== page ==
He walked along the pathway, clutching his patched knapsack to his chest. The wind blew into his face, chilling him through his thin flannel shirt, making him shiver as he made his way down the cracked pavement. He looked down at his trembling hands, the once strong fingers now reduced to the skeletal bones showing under his papery skin. He shook his head sadly, wondering how the years had passed so quickly.

The doorway loomed ahead, the handle rusted and worn with age. His fingers closed over the cold, rough metal, and he pulled gently. The door creaked open, the hinges groaning with misuse. The cold gray light of the cloudy day filtered in around him, showing the thick layer of dust upon the broken-tiled floor. He closed his eyes, remembering, his feet growing steadier with each step, taking him around through the familiar hallways and corridors. A lone hand trailed along the peeling yellowed walls, guiding his way through the maze-like building.

Then his eyes opened, taking in the sight of the stage, the rows upon rows of shabby seats, the tattered remnants of the last banner, the shattered windows letting in shafts of icy sunlight and swirling wind under the threadbare curtains and drifting cobwebs. His grip hardened upon the canvas bag he held as he shut his eyes again, unzipped the pack, reached in. The crackling shriveled leaves crumbled under his gnarled fingers, pieces floating to the ground as his hands shook uncontrollably with emotion. His arms rose to place the withered wreath upon his head. The dry twigs scratched uncomfortably against his sensitive scalp, but he ignored them, caught up in the memory. His eyes cracked open a slit, then flew wide—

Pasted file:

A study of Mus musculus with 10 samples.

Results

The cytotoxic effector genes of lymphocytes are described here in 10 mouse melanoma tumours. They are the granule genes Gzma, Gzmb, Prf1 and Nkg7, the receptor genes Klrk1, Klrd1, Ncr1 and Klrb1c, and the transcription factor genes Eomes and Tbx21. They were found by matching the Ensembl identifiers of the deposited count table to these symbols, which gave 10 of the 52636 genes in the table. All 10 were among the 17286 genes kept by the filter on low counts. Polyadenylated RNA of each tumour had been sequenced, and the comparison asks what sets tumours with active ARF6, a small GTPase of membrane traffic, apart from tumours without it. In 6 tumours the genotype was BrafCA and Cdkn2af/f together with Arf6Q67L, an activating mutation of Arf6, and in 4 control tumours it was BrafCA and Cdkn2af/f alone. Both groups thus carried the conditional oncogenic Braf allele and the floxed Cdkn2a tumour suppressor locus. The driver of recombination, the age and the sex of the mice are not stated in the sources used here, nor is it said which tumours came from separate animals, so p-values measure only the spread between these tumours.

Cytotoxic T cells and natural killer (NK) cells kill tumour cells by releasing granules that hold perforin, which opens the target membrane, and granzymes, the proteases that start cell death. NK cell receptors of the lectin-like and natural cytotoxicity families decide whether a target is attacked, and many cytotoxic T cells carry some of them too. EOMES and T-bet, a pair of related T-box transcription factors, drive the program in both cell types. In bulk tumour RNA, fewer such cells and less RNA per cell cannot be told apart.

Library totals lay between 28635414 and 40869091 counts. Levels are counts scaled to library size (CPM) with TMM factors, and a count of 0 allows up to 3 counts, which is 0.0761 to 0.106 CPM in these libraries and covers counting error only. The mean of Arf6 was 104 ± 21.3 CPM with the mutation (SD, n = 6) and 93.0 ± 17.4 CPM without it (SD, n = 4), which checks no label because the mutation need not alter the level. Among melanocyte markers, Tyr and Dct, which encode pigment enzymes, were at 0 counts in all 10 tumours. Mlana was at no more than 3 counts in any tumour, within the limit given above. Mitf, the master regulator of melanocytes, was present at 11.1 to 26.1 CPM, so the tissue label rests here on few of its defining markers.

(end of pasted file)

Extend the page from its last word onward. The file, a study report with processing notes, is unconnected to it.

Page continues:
The vacant auditorium was transformed, the banner once more replenished and glorious, the seats refurnished with smooth red velvet, the wooden stage polished and shiny. His feet tapped out a beat as the festive music drifted through the air, and he could see his talented friend on stage once more, singing and acting, the very same wreath that he had received at the funeral placed upon the well-remembered thick mane of dark brown hair. He grinned broadly, cheering along with the crowd as the play ended, and then shuddered as he was overcome with the feeling of fear and impending trouble.

The man in the greatcoat, harsh and stiff, burst through the entrance and strode up to the stage as the players bowed and the audience departed. The old man watched in helpless anger as the colonel thrust his way out of the double doors, forcefully pulling his dark-haired son behind him. He had never known why the colonel had refused to let his son show his talent, and he still didn't this many years later… He found his youth again, his no longer aching muscles dragging him along the aisle. He followed at an unsteady gait as he witnessed the stern colonel shoving his son, the star actor, out the exit. Jostle as he might, he was still too late and could do nothing but watch the colonel drive off with his friend, the shadow of Puck's wreath perched lopsidedly on his silhouette in the rear window. Snow crystals coated his light brown hair as he stood forlornly among the thinning crowd, watching the taillights disappear into the distance as they drove away, the vivid crimson a prediction of the future.

And then he was standing at the door of the school once more, his scarf fluttering in the cold December wind, the beginnings of a flurry settling on his thin eyelashes. A lone tear made its way down the wrinkled cheek as the old man bowed his head in memory and perhaps also tribute to his friend's perfect last performance. The now-aged wreath rustled as he removed it from its perch on his head, and as he looked closely through his bleary eyes he could see the faint outline of a bloodstain among the withered chestnut leaves.